How to Respond to Criticism

Criticism often reveals more about the critic than the person being criticized.

Posted Feb 21, 2018

“It seems every time I turn around someone is complaining or griping at me,” fumed Colin “My boss picks apart every report I turn in. My wife doesn’t like the way I drive. The kids hate the food I cook.” Colin’s tendency to overreact to even minor criticisms caused him needless pain and suffering. A simple remark from his son David, “Dad, I don’t like mustard on my hot dog,” was met by a ten-minute tirade about “ungrateful kids.”

Who can go through life without being criticized? Nobody! Yet very few people know how to respond to criticism appropriately or how to deal with it effectively. Basically, criticism can fall into three categories. It can be irrelevant, destructive, or constructive. Let’s take a look at each of them.

Irrelevant criticism is best ignored. Some individuals are so critical of everything and everyone that they will throw in critical comments that may have nothing to do with the situation at hand: “…and your sister has knobby knees.” Irrelevant comments such as this are not worthy of a response, or of any emotional reaction on your part. In fact, ignoring them may encourage the criticizer to lighten up. Of course, few people have mastery of their emotional reactions, and it’s natural to feel annoyed by such remarks, but not responding is the important thing. Why dignify an irrelevant criticism with a response?

Destructive criticism usually comes in the form of an attack, a character assassination, or a total put down. “You are a selfish pig!” “You are a disgusting person!” “You are stupid and incompetent!” If you are ever at the receiving end of such criticisms, try to realize that there is something wrong with the critic, with the person dishing out those remarks, not with you. A rational, grounded, sensible person does not resort to extreme mudslinging. Hence, whenever someone criticizes excessively in a hostile manner, consider that there is something psychologically wrong with him or her. Indeed, these irrational, ad hominem statements reveal a lot more about the critic than the person being criticized. 

It is silly to take such criticisms to heart or to give them any credence. Rather, ask the critic to define his or her terms. For instance, if someone calls you "stupid and incompetent," ask, “What is it exactly that makes you say I am stupid and incompetent?” The answer may sound something like this: “Well, you forgot to mail that important letter for me and you also made two errors when totaling the receipts for the day.” An assertive person might respond that she or he had made some mistakes, but that does not make him or her a totally stupid and incompetent human being.

The positive note on this topic, constructive criticism, can be useful because it speaks to the issues and offers a learning experience. For example, “I think you need to be more attentive. You omitted to mail that important letter and you made two errors when adding up the receipts.” Truly skillful constructive critics often use the “sandwich technique” that puts the meat of the criticism between two positive comments. So, in the above example, one might say, “I really appreciate how quickly you get your work done. But I think you need to be more attentive. You omitted to mail that important letter and you made two errors when adding up the receipts. Still, on the whole, thanks for the good work your doing.”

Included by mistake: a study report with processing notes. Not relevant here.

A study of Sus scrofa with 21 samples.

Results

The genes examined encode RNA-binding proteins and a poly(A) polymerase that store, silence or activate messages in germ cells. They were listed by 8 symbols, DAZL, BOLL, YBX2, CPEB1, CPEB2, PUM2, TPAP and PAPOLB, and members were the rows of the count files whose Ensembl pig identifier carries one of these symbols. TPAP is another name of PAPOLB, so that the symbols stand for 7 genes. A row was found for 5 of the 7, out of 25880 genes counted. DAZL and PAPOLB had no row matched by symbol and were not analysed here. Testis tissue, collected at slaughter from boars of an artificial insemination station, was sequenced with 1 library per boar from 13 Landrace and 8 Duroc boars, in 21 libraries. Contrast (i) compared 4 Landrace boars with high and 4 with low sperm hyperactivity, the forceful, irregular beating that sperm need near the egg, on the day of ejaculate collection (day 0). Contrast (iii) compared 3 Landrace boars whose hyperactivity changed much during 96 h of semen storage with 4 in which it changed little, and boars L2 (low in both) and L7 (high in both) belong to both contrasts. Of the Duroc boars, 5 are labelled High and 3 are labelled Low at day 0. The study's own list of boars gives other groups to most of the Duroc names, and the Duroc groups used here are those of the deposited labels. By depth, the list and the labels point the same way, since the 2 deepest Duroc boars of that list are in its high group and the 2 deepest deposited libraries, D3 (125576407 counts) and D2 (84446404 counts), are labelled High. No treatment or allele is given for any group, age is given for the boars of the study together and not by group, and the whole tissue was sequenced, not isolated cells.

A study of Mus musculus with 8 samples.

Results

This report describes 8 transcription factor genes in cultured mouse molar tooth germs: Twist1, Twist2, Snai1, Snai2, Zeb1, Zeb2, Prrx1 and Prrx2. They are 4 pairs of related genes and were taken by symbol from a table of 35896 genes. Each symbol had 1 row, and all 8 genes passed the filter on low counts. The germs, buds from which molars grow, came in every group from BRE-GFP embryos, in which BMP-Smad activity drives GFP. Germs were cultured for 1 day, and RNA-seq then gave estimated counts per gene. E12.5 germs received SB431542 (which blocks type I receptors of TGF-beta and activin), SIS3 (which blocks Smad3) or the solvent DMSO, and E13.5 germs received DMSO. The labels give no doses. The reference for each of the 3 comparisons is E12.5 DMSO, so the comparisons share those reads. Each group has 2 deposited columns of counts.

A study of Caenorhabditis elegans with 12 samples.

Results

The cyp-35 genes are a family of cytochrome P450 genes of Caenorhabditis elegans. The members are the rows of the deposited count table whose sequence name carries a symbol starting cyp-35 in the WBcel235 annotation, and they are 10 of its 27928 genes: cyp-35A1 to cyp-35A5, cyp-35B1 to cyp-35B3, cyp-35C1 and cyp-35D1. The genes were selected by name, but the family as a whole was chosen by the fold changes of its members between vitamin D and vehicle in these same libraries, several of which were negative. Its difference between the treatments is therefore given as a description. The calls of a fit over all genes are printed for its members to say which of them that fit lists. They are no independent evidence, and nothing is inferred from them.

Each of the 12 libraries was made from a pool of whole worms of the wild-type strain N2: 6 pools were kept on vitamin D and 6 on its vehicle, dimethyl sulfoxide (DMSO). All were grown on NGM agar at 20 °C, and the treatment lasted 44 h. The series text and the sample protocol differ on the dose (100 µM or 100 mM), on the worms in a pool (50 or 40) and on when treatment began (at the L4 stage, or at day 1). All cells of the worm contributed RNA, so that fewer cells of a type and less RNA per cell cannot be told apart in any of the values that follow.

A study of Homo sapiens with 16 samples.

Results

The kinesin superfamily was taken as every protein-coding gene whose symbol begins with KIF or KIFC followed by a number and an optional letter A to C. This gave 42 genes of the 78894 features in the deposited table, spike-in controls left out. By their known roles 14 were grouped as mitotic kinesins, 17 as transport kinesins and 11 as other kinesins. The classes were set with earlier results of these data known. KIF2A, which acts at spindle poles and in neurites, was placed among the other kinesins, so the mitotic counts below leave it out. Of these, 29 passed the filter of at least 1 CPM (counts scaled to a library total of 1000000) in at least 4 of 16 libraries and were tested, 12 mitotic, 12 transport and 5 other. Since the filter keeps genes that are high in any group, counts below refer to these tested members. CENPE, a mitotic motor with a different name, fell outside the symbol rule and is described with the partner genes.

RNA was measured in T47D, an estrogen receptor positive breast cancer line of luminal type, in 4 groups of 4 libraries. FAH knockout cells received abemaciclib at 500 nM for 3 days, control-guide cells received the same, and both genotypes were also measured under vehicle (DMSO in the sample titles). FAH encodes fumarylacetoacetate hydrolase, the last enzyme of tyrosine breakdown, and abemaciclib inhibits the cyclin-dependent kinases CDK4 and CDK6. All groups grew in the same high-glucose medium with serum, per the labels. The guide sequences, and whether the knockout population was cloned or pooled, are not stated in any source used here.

Many well-intentioned people, otherwise quite sensible and highly intelligent, have no idea how to give constructive criticism. They may also be unaware when they are being negative. Instead of recoiling with pain or taking offense, it may be useful to try to instruct such a person. Hal turns to Ron and says, “You are obviously a half-witted moron!” Ron inquires, “Hey Hal, do you know the difference between destructive and constructive criticism?”  Now don’t expect Hal to roll over and say, “I apologize for insulting you. Please teach me how to change my style.” It is often sufficient to simply mention the existence of constructive and destructive alternatives. Thus, rather than asking for specifics, in some cases, this simple statement can be quite helpful in itself. After delivering his rejoinder, Ron can walk away. If Hal is not half-witted, while he might not necessarily change his approach, he’ll likely get the message.

In essence, if a criticism is irrelevant, ignore it. If it is destructive and you can do so without getting into deeper trouble, challenge the critic by asking for specifics. If it’s constructive, learn from it.

Remember: Think well, Act well, Feel well, Be well!

Dear Reader: The advertisements contained in this post do not necessarily reflect my opinions nor are they endorsed by me. — Clifford

Copyright Clifford N. Lazarus, Ph.D. This post is for informational purposes only. It is not intended to be a substitute for professional assistance or personal mental health treatment by a qualified clinician.

About the Authors

Arnold Lazarus

Arnold A. Lazarus is a professor of psychology, therapist, author, lecturer, and clinical innovator.

Donna Astor-Lazarus

Donna Astor-Lazarus is the Co-Clinical Director of The Lazarus Institute.